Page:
Sperling on “Deferred Maintenance”

By and / 10.7.2011

Gene SperlingPresident Obama’s $447 billion jobs plan includes some constructive – literally – provisions for upgrading America’s economic infrastructure. These shouldn’t be controversial: Who could be against putting people to work rebuilding the rickety foundations of U.S. productivity and competitiveness?

Well, Republicans, that’s who. They have dismissed the president’s call for $50 billion in new infrastructure spending as nothing more than another jolt of fiscal “stimulus” masquerading as investment.

It’s hard to imagine a more myopic example of the right’s determination to impose premature austerity on our frail economy. From Lincoln to Teddy Roosevelt to Eisenhower, the Republicans were once a party dedicated to internal nation building. Today’s GOP is gripped by a raging anti-government fever which fails to draw elementary distinctions between consumption and investment, viewing all public spending as equally wasteful.

But as the White House’s Gene Sperling said yesterday, Republicans can’t claim credit for fiscal discipline by blocking long overdue repairs of in the nation’s transport, energy and water systems. There’s nothing fiscally responsible about “deferring maintenance” on the U.S. economy.

Sperling, chairman of the president’s National Economic Council, spoke at a PPI forum on Capitol Hill on “Infrastructure and Jobs: A Productive Foundation for Economic Growth.” Other featured speakers included Sen. Mark Warner, Rep. Rosa DeLauro, Dan DiMicco, CEO of Nucor Corporation, Daryl Dulaney, CEO of Siemens Industry and Ed Smith, CEO of Ullico Inc., a consortium of union pension funds.

Fiscal prudence means foregoing consumption of things you’d like but could do without if you can’t afford them – a cable TV package, in Sperling’s example. But if a water pipe breaks in your home, deferring maintenance can only lead to greater damage and higher repair costs down the road.

As speaker after speaker emphasized during yesterday’s forum, that’s precisely what’s happening to the U.S. economy. Thanks to a generation of underinvestment in roads, bridges, waterways, power grids, ports and railways, the United States faces a $2 trillion repair bill. Our inadequate, worn-out infrastructure costs us time and money, lowering the productivity of workers and firms, and discouraging capital investment in the U.S. economy.

Deficient infrastructure, Dulaney noted, has forced Siemens to build its own rail spurs to get goods to market. That’s something smaller companies can’t afford to do. They will go to countries – like China, India and Brazil – that are investing heavily in building world-class infrastructure.

As Nucor’s DiMicco noted, a large-scale U.S. infrastructure initiative would create lots of jobs while also abetting the revival of manufacturing in America. He urged the Obama administration to think bigger, noting that a $500 billion annual investment in infrastructure (much of the new money would come from private sources rather than government) could generate 15 million jobs.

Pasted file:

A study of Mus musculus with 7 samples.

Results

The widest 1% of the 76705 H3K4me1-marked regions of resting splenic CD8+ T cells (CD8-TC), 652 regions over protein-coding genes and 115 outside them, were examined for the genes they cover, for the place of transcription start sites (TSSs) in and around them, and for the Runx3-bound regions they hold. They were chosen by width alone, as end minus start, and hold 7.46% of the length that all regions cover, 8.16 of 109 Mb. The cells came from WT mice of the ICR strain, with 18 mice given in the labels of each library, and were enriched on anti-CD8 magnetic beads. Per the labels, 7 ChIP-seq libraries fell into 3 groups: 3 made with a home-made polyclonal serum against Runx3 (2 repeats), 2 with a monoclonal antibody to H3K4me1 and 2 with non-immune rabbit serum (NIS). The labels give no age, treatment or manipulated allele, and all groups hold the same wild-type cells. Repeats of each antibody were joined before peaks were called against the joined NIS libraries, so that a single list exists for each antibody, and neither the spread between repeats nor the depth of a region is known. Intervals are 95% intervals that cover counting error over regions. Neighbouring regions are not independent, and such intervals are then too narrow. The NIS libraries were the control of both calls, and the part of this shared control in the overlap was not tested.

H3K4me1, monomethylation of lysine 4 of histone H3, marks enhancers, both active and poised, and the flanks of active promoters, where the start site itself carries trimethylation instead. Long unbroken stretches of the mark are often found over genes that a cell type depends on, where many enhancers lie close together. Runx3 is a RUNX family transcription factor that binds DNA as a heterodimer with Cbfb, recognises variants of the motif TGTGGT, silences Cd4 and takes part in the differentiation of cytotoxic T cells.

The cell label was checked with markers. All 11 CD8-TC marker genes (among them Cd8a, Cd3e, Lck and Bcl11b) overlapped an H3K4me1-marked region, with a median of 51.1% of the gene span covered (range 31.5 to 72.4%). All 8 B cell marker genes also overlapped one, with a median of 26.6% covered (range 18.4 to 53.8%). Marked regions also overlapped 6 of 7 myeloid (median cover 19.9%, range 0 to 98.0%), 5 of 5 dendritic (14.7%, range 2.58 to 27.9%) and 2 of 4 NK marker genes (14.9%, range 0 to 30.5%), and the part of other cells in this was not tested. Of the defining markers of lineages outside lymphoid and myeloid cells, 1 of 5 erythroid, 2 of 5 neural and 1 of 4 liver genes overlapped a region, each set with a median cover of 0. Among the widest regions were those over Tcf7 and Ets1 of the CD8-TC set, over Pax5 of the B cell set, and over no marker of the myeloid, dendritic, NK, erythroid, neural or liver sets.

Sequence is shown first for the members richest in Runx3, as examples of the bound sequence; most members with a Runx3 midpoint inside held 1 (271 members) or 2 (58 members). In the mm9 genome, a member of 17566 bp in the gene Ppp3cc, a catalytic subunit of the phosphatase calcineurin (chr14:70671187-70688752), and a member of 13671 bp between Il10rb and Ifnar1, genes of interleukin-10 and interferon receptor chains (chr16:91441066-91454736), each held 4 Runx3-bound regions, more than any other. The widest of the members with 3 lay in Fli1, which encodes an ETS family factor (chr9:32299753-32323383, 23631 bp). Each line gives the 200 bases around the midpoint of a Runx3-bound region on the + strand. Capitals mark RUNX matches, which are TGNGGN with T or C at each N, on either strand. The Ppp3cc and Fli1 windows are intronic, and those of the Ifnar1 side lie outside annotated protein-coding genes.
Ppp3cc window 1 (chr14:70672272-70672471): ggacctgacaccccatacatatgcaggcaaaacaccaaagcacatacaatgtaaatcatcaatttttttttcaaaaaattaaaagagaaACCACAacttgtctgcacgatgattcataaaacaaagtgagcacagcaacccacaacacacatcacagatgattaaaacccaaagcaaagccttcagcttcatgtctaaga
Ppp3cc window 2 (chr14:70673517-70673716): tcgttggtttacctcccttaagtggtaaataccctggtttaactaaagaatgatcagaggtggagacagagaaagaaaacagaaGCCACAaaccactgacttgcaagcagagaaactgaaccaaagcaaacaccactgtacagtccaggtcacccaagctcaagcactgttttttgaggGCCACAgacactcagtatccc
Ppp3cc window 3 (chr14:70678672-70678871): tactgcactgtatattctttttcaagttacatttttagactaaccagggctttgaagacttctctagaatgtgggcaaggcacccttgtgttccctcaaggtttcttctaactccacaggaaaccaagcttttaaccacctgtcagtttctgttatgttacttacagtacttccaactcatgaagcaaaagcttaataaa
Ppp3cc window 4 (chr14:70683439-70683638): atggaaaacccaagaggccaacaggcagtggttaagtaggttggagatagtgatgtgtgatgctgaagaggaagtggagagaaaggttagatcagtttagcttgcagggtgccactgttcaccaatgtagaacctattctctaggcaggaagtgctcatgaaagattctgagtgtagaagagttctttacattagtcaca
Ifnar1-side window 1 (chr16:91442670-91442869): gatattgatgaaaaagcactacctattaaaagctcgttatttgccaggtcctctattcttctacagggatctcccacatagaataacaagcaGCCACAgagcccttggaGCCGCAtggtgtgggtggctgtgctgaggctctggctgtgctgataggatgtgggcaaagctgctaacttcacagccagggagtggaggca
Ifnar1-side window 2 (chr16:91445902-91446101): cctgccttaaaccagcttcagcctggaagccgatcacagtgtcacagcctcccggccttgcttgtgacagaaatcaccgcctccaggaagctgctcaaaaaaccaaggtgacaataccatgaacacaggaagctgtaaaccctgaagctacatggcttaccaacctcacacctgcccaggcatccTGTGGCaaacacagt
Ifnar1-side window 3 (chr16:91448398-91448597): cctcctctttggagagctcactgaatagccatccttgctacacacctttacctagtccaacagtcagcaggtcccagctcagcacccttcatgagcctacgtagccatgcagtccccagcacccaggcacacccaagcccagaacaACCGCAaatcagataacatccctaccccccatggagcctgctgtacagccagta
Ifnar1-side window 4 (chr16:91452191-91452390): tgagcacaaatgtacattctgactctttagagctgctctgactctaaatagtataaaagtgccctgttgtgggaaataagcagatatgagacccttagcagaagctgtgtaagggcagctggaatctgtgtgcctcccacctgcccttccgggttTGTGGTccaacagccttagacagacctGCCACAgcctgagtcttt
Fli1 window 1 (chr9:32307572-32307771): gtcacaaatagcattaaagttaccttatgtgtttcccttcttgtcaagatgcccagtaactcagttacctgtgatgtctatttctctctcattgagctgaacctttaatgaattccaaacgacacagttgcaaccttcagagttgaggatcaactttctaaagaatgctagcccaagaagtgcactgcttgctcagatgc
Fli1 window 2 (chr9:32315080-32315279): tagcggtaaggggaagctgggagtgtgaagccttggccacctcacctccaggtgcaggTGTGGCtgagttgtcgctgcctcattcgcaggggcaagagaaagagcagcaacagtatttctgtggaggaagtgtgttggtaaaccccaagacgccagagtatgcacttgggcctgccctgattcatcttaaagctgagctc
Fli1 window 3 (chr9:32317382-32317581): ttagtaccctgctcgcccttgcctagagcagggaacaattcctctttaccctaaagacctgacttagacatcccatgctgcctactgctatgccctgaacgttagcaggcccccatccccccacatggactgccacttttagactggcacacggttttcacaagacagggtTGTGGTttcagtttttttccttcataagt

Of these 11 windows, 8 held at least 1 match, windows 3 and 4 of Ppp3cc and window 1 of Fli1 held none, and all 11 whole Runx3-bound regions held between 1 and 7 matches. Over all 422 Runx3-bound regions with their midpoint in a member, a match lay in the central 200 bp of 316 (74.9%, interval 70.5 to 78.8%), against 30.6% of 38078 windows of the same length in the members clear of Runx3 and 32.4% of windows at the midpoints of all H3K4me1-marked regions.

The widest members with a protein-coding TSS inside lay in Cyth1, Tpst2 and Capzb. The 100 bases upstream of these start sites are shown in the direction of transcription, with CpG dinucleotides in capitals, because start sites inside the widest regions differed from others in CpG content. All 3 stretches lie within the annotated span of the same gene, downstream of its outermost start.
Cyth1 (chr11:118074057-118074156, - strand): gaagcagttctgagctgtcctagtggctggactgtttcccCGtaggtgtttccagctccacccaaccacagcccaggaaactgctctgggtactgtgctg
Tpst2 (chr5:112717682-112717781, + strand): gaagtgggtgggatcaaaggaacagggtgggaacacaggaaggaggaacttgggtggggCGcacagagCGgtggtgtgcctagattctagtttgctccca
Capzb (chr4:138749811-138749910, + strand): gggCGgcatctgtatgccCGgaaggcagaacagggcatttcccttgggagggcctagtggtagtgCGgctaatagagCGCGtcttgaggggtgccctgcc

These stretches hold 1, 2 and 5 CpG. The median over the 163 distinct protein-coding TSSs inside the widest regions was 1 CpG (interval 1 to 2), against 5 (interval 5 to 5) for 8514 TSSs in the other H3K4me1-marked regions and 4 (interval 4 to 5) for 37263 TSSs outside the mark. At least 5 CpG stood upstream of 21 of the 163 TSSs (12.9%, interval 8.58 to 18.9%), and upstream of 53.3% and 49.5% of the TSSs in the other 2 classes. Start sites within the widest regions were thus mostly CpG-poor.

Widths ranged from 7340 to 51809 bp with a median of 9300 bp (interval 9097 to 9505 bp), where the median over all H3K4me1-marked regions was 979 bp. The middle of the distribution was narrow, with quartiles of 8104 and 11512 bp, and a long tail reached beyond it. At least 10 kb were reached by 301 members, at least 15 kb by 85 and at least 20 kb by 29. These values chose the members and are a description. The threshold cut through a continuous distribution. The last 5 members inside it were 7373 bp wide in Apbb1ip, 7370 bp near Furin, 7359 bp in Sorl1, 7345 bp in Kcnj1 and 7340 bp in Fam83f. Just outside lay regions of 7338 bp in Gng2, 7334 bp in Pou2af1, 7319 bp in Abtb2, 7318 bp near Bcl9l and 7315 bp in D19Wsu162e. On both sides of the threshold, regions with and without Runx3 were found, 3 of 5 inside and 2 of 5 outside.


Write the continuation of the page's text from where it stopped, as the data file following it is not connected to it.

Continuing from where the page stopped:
The enormous opportunities to deploy more private capital were echoed from financial leaders in New York, including Jane Garvey, the North American chairman of Meridiam Infrastructure, a private equity fund specializing in infrastructure investment. Garvey warned that what investors need from government programs is more transparent and consistent decision making, based on clear, merit-based criteria, and noted that an independent national infrastructure bank would be the best way to achieve this. Bryan Grote, former head of the Department of Transportation’s TIFIA financing program, which many describe as a forerunner of the bank approach, added that having a dedicated staff of experts in an independent bank is the key to achieving the more rational, predictable project selection that investors need to see to view any government program as a credible partner.

Tom Osborne, the head of Americas Infrastructure at UBS Investment Bank, agreed that an independent infrastructure bank like the version proposed by Senators Kerry, Hutchison and Warner, would empower private investors to fund more projects. And contrary to arguments that a national bank would centralize more funding decisions in Washington, Osborne explained that states and local governments would also be more empowered by the bank to pursue new projects with flexible financing options, knowing that the bank will evaluate projects based on its economics, not on the politics of the next election cycle.

Adding urgency to the infrastructure push was Fed Chairman Ben Bernanke’s warning this week that the recovery is “close to faltering.” Unlike short-term stimulus spending, money invested in modernizing infrastructure would create lasting jobs by expanding our economy’s productive base.

Warning that America stands on the precipice of a “double dip” recession, Sperling said it would be “inexcusable” for Congress to fail to act on the president’s job plan. He cited estimates by independent economic experts that the plan would boost GDP growth in 2012 from 2.4 to 4.2 percent, and generate over three million more jobs.

The political battle over Obama’s jobs plan centers on how it’s paid for. Senate Democrats have proposed a surtax on millionaires. Unlike tax hikes in general, this idea is popular, and Democrats clearly hope to use it to crack the GOP’s monolithic opposition to raising taxes.

However that battle ends, Congress must salvage the plan’s infrastructure provisions, including its call for an independent infrastructure bank.